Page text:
You there! Reader! Be honest: How many tabs do you have open right now? Is your tab bar an unsalvageable mess with so many tabs you can barely read them? Soon, desktop Chrome might have a solution for you: automatically created tab groups, thanks to the power of AI.
Google’s latest blog post details the new AI feature in Chrome 121, one of which will “organize similar tabs” by scanning your tab bar and automatically create smartly named tab groups. The tab menu in Chrome will soon be tabbed itself, with “All tabs” showing the usual list of tabs and a second “Organize tabs” section with a button that will automatically group your tabs. Google says you’ll be able to right-click on your tabs and hit “organize,” too.
The example gif grabs a bunch of Pixel 8 tabs, gives them a colored tab group, and names them “Google Pixel,” complete with an emoji in the name. Tab groups became a part of Chrome in 2020, and if you’ve never tried them, they’re pretty useful. All the tab groups take on a colored highlight across your grouped tabs, and clicking on the tab group name will collapse the group.
As detailed by Bloomberg, Google is in the era of mandatory AI features. Just like during the Google+ push when every single Google product needed a social feature, the wording from Bloomberg is that Google issued “a directive that all of its most important products—those with more than a billion users—must incorporate generative AI within months.” Most of Google’s AI features feel like exactly what they are: someone doing the bare minimum to meet a requirement set by their manager. Automatic tab groups seem useful, though. I like tab groups if I force myself to try them, but never think to use them until it’s too late and a thousand tabs are open. When my tab bar is already messy, trying to organize everything feels like a waste of time. In the middle of a heavy browsing session, having a computer whip everything into basic categories sounds very useful.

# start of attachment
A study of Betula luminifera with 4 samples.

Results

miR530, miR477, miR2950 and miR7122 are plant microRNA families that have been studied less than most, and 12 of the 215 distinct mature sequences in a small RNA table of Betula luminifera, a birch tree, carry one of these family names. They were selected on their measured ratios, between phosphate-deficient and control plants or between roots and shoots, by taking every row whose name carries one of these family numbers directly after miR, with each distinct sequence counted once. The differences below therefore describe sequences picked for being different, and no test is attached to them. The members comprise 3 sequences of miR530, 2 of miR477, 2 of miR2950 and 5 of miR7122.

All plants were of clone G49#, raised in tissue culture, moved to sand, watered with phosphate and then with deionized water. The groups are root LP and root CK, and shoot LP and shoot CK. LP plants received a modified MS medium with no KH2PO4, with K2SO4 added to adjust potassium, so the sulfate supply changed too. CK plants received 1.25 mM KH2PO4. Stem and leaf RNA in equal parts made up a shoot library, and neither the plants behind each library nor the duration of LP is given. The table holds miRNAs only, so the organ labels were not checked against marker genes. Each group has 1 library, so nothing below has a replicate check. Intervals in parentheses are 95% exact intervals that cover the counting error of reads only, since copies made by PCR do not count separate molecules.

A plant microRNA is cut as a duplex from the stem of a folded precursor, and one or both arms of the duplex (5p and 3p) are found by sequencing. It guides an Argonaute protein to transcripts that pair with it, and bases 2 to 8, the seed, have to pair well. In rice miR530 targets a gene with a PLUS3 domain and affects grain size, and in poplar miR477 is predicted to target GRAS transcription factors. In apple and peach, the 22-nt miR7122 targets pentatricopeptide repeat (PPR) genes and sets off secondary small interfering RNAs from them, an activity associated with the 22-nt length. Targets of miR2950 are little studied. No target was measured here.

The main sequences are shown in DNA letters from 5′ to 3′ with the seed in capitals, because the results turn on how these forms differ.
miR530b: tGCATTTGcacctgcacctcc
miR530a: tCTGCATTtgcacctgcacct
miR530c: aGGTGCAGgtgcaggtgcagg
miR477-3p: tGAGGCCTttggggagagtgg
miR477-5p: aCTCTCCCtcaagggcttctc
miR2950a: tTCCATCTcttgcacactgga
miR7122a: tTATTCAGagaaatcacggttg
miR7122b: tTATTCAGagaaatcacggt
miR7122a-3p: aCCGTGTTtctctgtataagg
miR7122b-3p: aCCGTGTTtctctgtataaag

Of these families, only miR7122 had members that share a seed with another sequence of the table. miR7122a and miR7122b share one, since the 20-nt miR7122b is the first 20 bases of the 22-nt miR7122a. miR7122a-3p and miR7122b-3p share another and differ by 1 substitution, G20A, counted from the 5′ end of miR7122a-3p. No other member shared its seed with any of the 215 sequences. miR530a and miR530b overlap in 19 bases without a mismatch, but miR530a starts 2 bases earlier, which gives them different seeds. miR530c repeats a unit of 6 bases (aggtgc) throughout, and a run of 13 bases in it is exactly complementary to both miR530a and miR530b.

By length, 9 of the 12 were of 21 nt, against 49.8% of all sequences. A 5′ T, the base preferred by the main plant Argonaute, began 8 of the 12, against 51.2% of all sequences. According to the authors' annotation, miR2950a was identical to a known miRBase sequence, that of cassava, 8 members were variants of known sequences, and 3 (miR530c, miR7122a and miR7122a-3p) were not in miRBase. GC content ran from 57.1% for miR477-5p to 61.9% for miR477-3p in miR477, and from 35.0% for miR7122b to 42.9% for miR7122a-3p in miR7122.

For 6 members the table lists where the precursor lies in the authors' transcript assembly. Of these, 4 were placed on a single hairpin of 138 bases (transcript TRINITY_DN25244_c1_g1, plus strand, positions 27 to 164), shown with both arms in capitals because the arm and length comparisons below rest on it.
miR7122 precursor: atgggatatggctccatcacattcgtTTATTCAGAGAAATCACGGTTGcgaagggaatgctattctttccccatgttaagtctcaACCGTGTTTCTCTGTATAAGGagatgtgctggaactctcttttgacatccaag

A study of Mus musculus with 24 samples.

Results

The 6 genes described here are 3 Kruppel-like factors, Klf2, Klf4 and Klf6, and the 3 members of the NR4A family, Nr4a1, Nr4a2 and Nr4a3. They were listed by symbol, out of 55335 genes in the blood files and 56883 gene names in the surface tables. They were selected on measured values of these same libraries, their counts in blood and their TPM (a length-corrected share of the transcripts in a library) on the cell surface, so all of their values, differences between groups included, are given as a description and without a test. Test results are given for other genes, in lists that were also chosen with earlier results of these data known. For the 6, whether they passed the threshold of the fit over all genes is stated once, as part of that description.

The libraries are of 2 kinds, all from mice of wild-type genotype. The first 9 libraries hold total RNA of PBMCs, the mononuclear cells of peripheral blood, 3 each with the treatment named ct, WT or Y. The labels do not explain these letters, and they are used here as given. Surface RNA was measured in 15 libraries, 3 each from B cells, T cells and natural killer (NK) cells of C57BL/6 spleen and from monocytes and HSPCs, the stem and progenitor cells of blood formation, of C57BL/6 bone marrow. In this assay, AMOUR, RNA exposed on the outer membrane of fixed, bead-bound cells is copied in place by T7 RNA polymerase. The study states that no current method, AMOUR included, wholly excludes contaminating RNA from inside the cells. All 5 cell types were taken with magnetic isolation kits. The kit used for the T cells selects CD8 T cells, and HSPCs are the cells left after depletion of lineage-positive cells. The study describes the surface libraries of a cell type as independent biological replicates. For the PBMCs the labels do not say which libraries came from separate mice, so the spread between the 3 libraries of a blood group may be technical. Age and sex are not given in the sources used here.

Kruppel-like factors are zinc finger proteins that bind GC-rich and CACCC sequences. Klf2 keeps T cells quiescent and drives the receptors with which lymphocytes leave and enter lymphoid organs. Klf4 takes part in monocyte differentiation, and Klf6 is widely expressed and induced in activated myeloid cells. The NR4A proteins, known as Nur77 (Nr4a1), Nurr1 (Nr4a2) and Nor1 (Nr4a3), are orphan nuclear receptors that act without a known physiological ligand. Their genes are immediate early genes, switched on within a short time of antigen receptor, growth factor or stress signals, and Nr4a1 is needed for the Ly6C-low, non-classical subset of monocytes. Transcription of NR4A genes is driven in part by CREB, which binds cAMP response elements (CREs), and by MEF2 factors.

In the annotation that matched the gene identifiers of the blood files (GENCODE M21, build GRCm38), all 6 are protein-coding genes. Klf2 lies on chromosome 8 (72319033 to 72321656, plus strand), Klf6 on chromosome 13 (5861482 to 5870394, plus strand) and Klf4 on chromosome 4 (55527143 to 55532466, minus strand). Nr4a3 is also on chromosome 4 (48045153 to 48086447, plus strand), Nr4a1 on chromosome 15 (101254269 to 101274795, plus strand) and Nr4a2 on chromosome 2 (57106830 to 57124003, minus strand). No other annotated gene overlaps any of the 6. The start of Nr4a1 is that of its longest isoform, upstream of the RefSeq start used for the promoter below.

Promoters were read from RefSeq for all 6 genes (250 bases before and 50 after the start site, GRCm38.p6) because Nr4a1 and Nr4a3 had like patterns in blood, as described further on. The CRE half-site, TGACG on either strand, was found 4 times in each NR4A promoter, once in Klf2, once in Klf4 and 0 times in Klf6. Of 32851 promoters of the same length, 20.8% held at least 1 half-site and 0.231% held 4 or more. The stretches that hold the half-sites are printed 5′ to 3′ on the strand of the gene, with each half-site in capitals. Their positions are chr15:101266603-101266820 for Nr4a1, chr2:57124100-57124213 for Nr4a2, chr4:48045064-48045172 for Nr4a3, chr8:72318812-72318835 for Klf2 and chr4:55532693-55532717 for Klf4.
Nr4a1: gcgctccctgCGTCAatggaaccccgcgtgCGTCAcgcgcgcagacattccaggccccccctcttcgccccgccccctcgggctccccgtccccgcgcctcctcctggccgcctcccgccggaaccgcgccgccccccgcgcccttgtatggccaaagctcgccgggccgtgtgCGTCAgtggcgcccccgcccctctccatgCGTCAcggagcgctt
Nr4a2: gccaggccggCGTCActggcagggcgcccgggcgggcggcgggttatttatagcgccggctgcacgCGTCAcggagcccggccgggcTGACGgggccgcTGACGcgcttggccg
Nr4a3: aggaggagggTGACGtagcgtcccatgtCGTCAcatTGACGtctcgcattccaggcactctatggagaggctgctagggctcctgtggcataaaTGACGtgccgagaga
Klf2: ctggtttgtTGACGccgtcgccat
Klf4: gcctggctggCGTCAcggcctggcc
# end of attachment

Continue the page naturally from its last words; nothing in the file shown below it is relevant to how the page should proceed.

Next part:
The two other features in Google’s blog post are less exciting. One will automatically make a wallpaper for the New Tab Page by using AI. The other is called “Help me write” and will put a writing assistant directly into some web input boxes. While the wallpaper generator and tab organizer should be out today, the writing assistant will be out “in next month’s Chrome release.”
Google calls all of these AI features “experimental,” and even something like the automatic tab grouping has a thumbs up/thumbs down button right next to it, an AI disclaimer, and a “learn more” link.